First they handcuffed her, and now, she says they’re trying to shut her up.

A Uvalde mom who was handcuffed after urging police to rescue her kids from the deranged gunman who slaughtered 19 children at Robb Elementary, claims law enforcement has warned her to stop telling her story.

Once the handcuffs were off, Angeli Rose Gomez jumped over the fence and rushed to save her two sons on her own.

Gomez claimed she got a call from someone in law enforcement, who said if she kept speaking out about the botched police response to the massacre, she’d be charged with a probation violation for obstruction of justice, CBS News reported.

A farm worker, Gomez had been at the school earlier in the day for a graduation ceremony, then returned to the fields were she works. About 10 minutes later, she received a frantic call from her mother telling her about the shooting, and she jumped in her car and sped back to the school.

Once there, she and other parents were branded as “uncooperative” by cops standing outside the school while gunshots could be heard coming from inside.

Angeli Rose Gomez told CBS that she had worked her way into the school to retrieve her children.

“Right away, as I parked, a US Marshal started coming toward my car, saying that I wasn’t allowed to be parked there,” she recalled. “And he said, Well, we’re gonna have to arrest you because you’re being very uncooperative.”

Gomez said she told him he would have to arrest her, and criticized the phalanx of law enforcement standing around. “Y’all are standing with snipers and y’all are far away, I got to go in there,” she recounted saying. He “immediately put me in cuffs.”

Cops from various agencies held other parents back as they tried to get into the school and begged the officers to do something. After a local officer convinced the marshal to remove the handcuffs, Gomez said, she bolted toward the school, jumping a fence to get inside.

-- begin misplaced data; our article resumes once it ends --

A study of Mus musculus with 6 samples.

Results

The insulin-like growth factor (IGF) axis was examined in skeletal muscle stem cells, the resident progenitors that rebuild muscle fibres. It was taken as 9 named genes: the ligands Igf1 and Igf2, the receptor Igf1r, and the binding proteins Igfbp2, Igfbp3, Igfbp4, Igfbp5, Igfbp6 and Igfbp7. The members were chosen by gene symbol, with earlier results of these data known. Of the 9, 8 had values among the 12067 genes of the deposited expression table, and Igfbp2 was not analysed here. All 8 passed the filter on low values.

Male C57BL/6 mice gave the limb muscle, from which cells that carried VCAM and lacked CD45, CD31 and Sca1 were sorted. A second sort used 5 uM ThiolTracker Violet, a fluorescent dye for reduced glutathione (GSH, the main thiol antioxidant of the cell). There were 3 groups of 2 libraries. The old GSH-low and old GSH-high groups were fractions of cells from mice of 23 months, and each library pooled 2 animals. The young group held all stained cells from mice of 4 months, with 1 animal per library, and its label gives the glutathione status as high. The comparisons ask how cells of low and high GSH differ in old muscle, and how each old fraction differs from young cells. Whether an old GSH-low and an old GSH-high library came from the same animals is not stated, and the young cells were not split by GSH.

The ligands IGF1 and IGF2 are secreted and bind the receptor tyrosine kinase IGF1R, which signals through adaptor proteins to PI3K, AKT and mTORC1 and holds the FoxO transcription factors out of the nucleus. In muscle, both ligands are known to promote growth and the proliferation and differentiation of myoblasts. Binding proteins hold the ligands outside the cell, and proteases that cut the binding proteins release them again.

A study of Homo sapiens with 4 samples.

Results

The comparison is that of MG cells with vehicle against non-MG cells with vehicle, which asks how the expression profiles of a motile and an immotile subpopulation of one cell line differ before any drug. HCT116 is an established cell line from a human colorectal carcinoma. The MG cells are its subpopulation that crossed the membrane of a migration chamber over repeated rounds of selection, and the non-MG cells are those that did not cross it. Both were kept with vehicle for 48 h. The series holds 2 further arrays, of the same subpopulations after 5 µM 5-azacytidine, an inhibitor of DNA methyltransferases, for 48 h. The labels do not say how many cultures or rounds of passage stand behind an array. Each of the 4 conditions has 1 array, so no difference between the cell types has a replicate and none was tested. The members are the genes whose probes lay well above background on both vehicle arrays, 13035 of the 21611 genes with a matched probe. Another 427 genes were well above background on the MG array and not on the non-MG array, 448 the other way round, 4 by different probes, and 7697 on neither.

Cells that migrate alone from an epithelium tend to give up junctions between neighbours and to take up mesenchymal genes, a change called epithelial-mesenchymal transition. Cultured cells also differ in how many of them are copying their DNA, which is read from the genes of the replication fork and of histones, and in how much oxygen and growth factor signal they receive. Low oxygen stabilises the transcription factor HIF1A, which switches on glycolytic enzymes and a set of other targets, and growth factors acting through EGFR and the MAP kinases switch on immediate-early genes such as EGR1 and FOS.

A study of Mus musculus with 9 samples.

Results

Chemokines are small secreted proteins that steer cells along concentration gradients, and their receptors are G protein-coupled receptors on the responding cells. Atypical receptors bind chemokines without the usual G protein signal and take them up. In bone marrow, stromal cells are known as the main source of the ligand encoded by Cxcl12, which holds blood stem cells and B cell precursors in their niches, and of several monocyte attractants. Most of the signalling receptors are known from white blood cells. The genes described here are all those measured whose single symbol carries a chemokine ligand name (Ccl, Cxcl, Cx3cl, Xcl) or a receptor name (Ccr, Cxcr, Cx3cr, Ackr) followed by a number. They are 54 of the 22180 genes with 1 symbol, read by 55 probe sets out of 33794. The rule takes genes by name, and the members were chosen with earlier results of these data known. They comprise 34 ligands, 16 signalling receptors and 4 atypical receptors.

She went first to her son’s classroom near where the fourth graders were attacked, then grabbed her second son from his classroom and ran with them out of the building.

After she shared her story with reporters, she got the threatening call, dangling charges that could upend her probation related to charges filed more than a decade ago.

But Gomez said the judge overseeing her probation told her she did not face new legal problems and that her bravery would be rewarded with a shortened probation.

People visit a memorial at Robb Elementary School.
People visit a memorial at Robb Elementary School on June 2.
Jae C. Hong/AP

The latest controversy surrounding the police response to the shooting came amid ongoing criticism of the school district police chief, Pete Arredondo, who made the decision not to send in a tactical team to confront the 18-year-old gunman during his rampage, even as children inside the classroom repeatedly dialed 911. 

Gomez has been one of the most vocal critics of the police response. 

“I was just thinking that they could have saved many more lives,” she said as she choked back tears. “They could have gone into that classroom and maybe two or three would have been gone.

 Law enforcement, and other first responders, gather outside Robb Elementary School following the mass shooting on May 24.
Law enforcement and other first responders gather outside Robb Elementary School following the mass shooting on May 24.
Dario Lopez-Mills/AP

“They could have done something,” she continued. “Gone through the window, sniped him through the window. I mean, something! But nothing was being done. If anything. they were being more aggressive on us parents that were willing to go in there.”